Tuesday, August 11th 2015 by Phil Wilkinson-Jones

The rollout of superfast broadband in rural Scotland has been given an £18m boost.

Extra funding has been made available by BT because the take-up of fibre broadband in Scotland has been better than expected.

The Digital Scotland Superfast Broadband (DSSB) programme has so far given access to superfast speeds to more than 365,000 homes and businesses not covered by commercial broadband rollouts.

Backed by the Scottish Government, DSSB aims to connect 85% of Scottish premises by March 2016 and 95% by the end of 2017.

The contract between the Scottish Government, BT, and Highlands and Islands Enterprise (HIE) included a ‘gain share’ clause, which allows DSSB to claw back funding if take-up levels exceed 20%.

BT Scotland director Brendan Dick said: “The fibre broadband rollout is a real success story, and we’re delighted to be able to share that success with Scottish Government and HIE by making £17.8m available to help connect some of the hardest to reach homes and businesses.

“The open network which we’re rolling out brings real choice to communities and this is helping to drive take-up which is key to the programme’s future.”

The announcement came as the Scottish Cabinet visited Ullapool in the Highlands. Ministers carried out a number of visits in and around the town ahead of a cabinet meeting and public discussion.

Deputy first minister John Swinney said Ullapool is “exactly the kind of place that will benefit hugely from this improvement to our digital infrastructure.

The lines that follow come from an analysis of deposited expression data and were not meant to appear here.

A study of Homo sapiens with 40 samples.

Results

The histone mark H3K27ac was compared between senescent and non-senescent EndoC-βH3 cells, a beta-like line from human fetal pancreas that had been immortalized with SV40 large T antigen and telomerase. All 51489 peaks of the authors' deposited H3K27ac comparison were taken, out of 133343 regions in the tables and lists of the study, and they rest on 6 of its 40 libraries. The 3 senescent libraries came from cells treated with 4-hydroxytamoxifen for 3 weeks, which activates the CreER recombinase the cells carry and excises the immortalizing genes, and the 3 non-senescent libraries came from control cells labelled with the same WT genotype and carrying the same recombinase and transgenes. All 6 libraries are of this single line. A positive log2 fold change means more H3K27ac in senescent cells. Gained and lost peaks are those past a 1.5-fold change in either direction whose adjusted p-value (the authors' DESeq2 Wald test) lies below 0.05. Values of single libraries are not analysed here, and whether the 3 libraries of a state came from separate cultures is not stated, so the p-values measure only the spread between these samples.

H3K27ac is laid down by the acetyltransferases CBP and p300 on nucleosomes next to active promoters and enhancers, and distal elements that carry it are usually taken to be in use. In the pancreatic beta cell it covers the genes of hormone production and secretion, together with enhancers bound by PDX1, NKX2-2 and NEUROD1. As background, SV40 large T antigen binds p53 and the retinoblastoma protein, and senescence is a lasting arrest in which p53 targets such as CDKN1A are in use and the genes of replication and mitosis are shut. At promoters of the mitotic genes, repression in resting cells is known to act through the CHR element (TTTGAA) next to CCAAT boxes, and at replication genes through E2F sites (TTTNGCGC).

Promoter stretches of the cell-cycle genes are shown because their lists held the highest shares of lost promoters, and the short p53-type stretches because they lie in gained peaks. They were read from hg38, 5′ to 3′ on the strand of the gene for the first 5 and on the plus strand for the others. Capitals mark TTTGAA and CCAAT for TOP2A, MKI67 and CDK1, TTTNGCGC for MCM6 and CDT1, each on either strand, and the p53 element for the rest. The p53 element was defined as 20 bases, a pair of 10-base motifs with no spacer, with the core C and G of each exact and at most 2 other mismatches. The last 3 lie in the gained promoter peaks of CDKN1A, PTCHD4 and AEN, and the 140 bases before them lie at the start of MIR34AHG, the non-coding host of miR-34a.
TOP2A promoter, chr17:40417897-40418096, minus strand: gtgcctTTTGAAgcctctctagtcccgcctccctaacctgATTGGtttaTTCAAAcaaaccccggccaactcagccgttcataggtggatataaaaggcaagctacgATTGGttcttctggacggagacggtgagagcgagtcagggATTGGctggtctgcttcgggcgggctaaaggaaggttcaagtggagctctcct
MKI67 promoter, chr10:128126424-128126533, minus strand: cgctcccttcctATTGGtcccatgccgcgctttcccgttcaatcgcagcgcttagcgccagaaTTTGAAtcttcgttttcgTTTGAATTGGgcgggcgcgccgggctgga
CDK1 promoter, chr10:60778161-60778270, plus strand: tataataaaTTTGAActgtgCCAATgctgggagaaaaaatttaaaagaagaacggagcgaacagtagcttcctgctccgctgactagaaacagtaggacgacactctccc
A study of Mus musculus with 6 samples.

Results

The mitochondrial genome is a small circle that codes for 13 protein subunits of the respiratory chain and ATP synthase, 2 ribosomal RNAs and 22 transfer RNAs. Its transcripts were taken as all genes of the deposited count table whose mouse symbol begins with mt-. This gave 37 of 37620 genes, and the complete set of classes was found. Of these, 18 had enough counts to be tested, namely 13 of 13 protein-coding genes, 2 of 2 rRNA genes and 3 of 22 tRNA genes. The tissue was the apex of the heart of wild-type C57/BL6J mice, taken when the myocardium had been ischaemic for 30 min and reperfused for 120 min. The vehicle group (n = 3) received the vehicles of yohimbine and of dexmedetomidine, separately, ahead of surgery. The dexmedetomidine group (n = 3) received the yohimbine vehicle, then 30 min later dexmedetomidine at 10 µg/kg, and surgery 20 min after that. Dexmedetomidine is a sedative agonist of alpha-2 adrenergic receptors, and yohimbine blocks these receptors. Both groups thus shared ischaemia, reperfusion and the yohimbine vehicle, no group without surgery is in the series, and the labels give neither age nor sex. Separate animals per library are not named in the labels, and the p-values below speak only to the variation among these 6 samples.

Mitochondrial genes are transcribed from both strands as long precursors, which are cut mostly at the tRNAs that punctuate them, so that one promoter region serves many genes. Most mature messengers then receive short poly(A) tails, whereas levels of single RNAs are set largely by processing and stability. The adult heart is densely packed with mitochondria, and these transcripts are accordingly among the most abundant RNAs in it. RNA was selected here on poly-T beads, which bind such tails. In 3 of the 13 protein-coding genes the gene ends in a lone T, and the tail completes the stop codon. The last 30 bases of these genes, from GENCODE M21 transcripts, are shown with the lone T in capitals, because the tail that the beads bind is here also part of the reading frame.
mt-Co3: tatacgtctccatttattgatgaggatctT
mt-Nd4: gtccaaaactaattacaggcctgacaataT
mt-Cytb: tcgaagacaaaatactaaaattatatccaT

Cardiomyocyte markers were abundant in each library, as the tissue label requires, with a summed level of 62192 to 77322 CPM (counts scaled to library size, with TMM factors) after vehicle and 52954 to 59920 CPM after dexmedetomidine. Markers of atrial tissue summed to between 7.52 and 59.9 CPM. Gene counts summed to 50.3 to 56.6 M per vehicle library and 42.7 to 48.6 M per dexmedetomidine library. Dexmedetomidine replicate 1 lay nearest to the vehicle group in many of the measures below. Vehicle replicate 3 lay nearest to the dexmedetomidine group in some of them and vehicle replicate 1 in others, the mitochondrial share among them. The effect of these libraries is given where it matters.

'Huge strides forward'

“Improved connectivity is a major priority for the Scottish Government, and a boost like this will allow the continued rollout of this technology to an even greater number of rural areas,” he said.

“We are working with BT to ensure that our investment in the DSSB programme extends coverage as far as possible; while, at the same time, getting clarity on which areas won’t be reached.”

He said the new funding would allow communities not currently included in the programme to work with Community Broadband Scotland to explore alternative ways of delivering superfast connectivity.

“We are now seeing huge strides forward in transforming the future of connectivity for Scotland’s rural communities and businesses, many of which would never have seen these kinds of connections through the commercial market,” added Mr Swinney.

“This is another major step towards creating an infrastructure capable of supporting world class connectivity across Scotland by 2020.”

Stuart Robertson, HIE’s director of digital, said: “Superfast broadband is now available to more than 60 additional rural towns and villages in the Highlands and Islands.

“We’re delighted people have been quick to embrace the benefits. It’s great news that take-up in our first communities is directly helping us to bring better broadband to even more people.”